The industrial hemp industry may have gotten a nod of approval from the Drug Enforcement Administration in late May, when the agency clarified that not all compounds of cannabis fall under the Controlled Substances Act.
Referencing a 2004 decision by the Ninth Circuit Court of Appeals that excluded non-psychoactive cannabinoids from the federal government's definition of marijuana, the announcement came after the DEA says it had received numerous inquiries on the matter.
"Products and materials that are made from the cannabis plant and which fall outside the CSA definition of marijuana (such as sterilized seeds, oil or cake made from the seeds, and mature stalks) are not controlled under the CSA.
Such products may accordingly be sold and otherwise distributed throughout the United States without restriction under the CSA or its implementing regulations," reads an internal directive from the DEA dated May 22. "The mere presence of cannabinoids is not itself dispositive as to whether a substance is within the scope of the CSA; the dispositive question is whether the substance falls within the CSA definition of marijuana."
Although THC, the psychoactive component in cannabis, is the most prevalent cannabinoid in the recreational form of the plant, strains of recreational cannabis and industrial hemp have been shown to be high in cannabidiol (CBD), cannabinol (CBN), cannabigerol (CBG) and other cannabinoids as selective breeding techniques improve. These cannabinoids don't impair users, but have the ability to help with a variety of medical issues such as anxiety, pain, sleeping disorders, inflammation and skin irritation.
According to the DEA, importing and exporting cannabinoid products with 0.3 percent THC or less is legal, but the agency notes that importation/exportation of those products also falls under the discretion of the U.S. Customs and Border Protection. Gabriel Ettenson, COO of Colorado-based hemp supplement company Elixinol, says the hemp industry won't really feel safe until hemp is explicitly removed from cannabis's Schedule I status with the federal government.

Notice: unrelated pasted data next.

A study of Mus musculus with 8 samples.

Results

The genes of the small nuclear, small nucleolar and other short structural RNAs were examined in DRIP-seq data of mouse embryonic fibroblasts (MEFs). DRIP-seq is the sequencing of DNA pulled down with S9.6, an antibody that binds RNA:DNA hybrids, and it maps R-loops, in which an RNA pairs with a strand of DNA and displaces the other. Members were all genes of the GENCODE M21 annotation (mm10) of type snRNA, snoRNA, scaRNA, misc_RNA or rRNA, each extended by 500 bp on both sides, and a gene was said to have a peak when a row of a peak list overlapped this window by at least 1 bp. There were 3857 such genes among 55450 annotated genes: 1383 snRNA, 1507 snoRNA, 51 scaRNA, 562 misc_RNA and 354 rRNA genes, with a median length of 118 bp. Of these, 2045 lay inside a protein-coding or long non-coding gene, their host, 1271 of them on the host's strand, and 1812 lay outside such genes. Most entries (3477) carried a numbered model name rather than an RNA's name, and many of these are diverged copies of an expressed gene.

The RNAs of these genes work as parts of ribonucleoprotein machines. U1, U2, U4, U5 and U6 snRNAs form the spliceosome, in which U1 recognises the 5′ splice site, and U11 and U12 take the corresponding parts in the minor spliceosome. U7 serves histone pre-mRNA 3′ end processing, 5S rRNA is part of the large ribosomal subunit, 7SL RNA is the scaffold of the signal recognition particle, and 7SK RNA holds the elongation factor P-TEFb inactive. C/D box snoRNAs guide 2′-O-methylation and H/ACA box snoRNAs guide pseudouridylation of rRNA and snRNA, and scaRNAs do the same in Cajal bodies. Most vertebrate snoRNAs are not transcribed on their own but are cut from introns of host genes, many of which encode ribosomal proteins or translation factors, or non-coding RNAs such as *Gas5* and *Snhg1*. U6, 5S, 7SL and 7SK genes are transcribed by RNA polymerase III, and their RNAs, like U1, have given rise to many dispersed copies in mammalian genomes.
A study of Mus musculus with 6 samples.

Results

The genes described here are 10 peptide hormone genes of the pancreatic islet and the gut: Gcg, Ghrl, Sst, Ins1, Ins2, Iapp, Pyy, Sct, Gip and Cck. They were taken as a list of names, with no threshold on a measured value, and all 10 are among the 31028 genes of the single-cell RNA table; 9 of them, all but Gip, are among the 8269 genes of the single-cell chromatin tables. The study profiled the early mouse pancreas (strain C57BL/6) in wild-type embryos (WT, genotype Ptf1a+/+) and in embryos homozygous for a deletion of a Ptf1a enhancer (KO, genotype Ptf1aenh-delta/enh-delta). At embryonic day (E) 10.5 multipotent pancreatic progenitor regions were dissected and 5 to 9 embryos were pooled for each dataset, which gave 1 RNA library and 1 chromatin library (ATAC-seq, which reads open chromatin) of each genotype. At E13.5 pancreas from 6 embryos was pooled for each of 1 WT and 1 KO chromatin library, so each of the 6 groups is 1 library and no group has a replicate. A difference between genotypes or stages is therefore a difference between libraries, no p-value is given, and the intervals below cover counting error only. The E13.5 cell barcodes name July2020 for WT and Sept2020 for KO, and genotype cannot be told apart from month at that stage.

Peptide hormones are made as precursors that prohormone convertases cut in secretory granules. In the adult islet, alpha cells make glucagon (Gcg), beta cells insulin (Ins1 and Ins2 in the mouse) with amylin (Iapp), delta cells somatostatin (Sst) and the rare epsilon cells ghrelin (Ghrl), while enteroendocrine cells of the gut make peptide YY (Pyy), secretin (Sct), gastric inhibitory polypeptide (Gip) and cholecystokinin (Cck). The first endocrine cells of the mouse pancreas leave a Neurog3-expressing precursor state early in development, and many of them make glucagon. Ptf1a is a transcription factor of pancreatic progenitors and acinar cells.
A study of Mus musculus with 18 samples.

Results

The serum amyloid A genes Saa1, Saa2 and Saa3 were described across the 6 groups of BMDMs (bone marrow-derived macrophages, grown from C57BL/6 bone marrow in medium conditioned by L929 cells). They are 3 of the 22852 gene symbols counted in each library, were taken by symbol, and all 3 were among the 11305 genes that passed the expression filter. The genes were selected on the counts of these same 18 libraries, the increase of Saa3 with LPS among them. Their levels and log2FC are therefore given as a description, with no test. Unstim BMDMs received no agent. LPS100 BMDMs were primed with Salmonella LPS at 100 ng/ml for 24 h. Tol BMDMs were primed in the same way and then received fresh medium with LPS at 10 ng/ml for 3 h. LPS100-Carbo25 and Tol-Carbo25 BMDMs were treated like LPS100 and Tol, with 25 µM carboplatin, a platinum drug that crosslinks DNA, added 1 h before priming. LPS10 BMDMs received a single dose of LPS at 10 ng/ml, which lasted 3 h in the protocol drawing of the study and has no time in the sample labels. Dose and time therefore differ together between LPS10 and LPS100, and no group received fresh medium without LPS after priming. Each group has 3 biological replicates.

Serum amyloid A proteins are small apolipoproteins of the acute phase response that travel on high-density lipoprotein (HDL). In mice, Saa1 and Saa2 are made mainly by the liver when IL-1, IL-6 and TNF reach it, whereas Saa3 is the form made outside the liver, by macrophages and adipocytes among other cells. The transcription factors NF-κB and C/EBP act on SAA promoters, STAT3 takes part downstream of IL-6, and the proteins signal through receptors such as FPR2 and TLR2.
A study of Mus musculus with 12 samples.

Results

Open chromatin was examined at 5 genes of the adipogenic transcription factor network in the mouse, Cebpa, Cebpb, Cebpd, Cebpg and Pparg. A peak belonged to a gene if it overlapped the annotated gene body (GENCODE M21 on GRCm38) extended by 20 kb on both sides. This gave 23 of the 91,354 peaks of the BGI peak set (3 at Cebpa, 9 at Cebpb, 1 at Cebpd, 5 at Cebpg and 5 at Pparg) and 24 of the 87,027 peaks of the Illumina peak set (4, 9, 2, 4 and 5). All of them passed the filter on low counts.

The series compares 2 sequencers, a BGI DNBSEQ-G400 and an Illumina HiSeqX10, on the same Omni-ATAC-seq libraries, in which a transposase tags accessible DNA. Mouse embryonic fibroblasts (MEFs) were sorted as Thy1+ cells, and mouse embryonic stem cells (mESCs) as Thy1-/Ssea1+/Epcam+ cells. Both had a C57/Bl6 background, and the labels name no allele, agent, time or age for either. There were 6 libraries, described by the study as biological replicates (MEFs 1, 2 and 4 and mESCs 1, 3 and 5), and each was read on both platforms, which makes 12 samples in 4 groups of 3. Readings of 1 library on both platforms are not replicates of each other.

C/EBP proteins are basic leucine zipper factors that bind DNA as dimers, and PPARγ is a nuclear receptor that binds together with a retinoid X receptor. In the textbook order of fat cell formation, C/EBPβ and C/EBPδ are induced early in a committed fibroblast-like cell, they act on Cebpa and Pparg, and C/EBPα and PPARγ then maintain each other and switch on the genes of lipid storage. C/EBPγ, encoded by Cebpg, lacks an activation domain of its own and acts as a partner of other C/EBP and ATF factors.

"This announcement, while welcomed, doesn’t eliminate the need for hemp to be formally, federally removed as a Schedule I drug," he explains in an email. "The Hemp Farm Act of 2014 made industrial hemp-derived products, including CBD, legal to sell and use. But there are a number of laws on the books that still create confusion around this topic. The fact that cannabis remains a Schedule I drug certainly creates confusion, since hemp and marijuana are both members of the cannabis family, despite the fact that they are indeed different plants, most notably in their levels of THC."
Ettenson says a new proposal similar to the Hemp Farm Act would declassify hemp from its Schedule I status and "eliminate this confusion once and for all." Until such a measure passes, however, even he isn't fully sure of CBD's legality.
"We really leave that work to the lawyers," he concludes.